Before the Big Bang does not assert—or attempt to persuade—that the genre of country music as we know it now can be found on the various discs and cylinders produced in the four decades prior to the 1927 Bristol Sessions, if only we examine the right recordings. Instead the box set answers two main questions.
First, the simpler question: was the market for “old-time” and “hillbilly” recordings invented with the alleged “Big Bang of Country Music”—that is, the Bristol Sessions? Second, what kinds of roots, resources, influences, and inspirations did the roughly 40 years of recording history up to then contribute? How did those records disseminate and teach popular music to our forebears across the country, and to what degree was the material transformed, repurposed, or sometimes just copied?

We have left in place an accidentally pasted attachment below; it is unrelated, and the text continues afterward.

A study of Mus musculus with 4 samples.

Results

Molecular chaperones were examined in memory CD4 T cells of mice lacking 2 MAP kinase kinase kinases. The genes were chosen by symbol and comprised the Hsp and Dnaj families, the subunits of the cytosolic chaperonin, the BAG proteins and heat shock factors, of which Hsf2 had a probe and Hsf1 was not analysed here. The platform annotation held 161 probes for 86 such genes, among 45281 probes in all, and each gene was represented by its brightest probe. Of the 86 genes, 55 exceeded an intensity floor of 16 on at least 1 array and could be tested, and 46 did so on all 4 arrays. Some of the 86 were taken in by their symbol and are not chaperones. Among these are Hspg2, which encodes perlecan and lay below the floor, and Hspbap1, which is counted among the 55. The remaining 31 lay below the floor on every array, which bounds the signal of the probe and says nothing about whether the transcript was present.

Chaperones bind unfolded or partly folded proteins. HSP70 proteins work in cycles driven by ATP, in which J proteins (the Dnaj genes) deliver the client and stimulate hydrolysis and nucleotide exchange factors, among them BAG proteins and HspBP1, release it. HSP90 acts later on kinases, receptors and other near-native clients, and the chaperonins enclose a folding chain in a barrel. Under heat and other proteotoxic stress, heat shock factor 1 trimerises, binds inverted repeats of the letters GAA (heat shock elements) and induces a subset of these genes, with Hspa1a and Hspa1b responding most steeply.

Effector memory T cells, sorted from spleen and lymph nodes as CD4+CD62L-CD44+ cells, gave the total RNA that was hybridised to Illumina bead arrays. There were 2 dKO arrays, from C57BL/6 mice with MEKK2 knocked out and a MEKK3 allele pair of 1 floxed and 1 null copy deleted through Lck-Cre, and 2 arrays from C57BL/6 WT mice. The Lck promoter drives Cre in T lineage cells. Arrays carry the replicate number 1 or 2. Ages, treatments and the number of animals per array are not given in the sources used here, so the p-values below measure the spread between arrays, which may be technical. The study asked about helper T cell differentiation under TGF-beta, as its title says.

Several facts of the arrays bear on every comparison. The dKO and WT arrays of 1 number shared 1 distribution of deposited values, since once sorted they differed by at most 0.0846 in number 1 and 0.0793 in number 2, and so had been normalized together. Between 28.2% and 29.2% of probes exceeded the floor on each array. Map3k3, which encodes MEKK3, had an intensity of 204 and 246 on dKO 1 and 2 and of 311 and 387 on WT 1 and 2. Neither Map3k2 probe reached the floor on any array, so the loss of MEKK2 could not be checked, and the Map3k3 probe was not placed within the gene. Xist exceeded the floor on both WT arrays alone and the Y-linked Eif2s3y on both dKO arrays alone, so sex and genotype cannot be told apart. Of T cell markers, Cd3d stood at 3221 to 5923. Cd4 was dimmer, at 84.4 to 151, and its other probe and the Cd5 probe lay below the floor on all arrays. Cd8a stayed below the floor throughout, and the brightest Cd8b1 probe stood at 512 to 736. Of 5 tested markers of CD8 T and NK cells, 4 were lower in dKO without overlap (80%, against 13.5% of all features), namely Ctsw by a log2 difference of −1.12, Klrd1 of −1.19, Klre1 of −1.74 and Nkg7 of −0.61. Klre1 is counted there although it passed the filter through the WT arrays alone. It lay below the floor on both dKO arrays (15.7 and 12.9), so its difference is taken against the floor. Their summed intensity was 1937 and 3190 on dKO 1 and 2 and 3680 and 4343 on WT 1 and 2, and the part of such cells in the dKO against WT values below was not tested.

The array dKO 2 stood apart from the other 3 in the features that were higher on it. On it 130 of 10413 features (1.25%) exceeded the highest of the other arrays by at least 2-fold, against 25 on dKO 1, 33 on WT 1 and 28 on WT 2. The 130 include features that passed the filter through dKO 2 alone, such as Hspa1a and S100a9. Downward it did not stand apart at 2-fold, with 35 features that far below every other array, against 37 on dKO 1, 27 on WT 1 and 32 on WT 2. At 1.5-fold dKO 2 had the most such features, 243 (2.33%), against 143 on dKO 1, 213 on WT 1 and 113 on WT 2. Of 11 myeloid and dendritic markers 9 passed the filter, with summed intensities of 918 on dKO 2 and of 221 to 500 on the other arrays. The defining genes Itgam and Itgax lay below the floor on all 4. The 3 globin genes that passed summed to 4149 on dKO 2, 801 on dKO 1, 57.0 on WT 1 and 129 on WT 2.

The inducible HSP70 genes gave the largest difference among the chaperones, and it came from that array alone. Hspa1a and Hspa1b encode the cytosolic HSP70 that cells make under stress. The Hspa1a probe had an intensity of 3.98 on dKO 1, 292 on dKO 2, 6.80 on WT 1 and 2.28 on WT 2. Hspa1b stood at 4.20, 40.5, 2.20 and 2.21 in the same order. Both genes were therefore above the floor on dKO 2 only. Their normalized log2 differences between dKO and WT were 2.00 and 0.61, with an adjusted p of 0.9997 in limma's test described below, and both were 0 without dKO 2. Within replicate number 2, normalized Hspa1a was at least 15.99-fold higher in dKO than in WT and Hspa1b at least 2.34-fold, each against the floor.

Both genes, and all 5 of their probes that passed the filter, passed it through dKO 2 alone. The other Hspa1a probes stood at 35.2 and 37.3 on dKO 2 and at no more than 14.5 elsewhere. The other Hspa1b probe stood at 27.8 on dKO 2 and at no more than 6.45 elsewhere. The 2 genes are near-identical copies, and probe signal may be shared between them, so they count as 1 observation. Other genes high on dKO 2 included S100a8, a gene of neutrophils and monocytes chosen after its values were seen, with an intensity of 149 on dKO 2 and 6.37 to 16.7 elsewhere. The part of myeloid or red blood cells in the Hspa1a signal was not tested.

The answer to the first question is: of course not. From champion fiddlers in New England to stringband musicians in the plains states to banjo pickers in the cotton mills of the Piedmont South, practitioners of what would come to be called “country” were laying down tracks all throughout the early and mid-1920s, as the recording industry identified new markets. Before the Big Bang features two complete CDs exploring those recordings.
As to the second question, we present four CDs laying out the evidence. We’re not doing sociology or folklore here, as other scholars have nobly attempted before—for instance, drawing a straight line from an old English ballad through its appearance on colonial American soil down to an early recorded example. Rather, we start with the proposition that the phonograph permanently and irreducibly changed the consumption of music and culture.
The phonograph became part of the message it transmitted.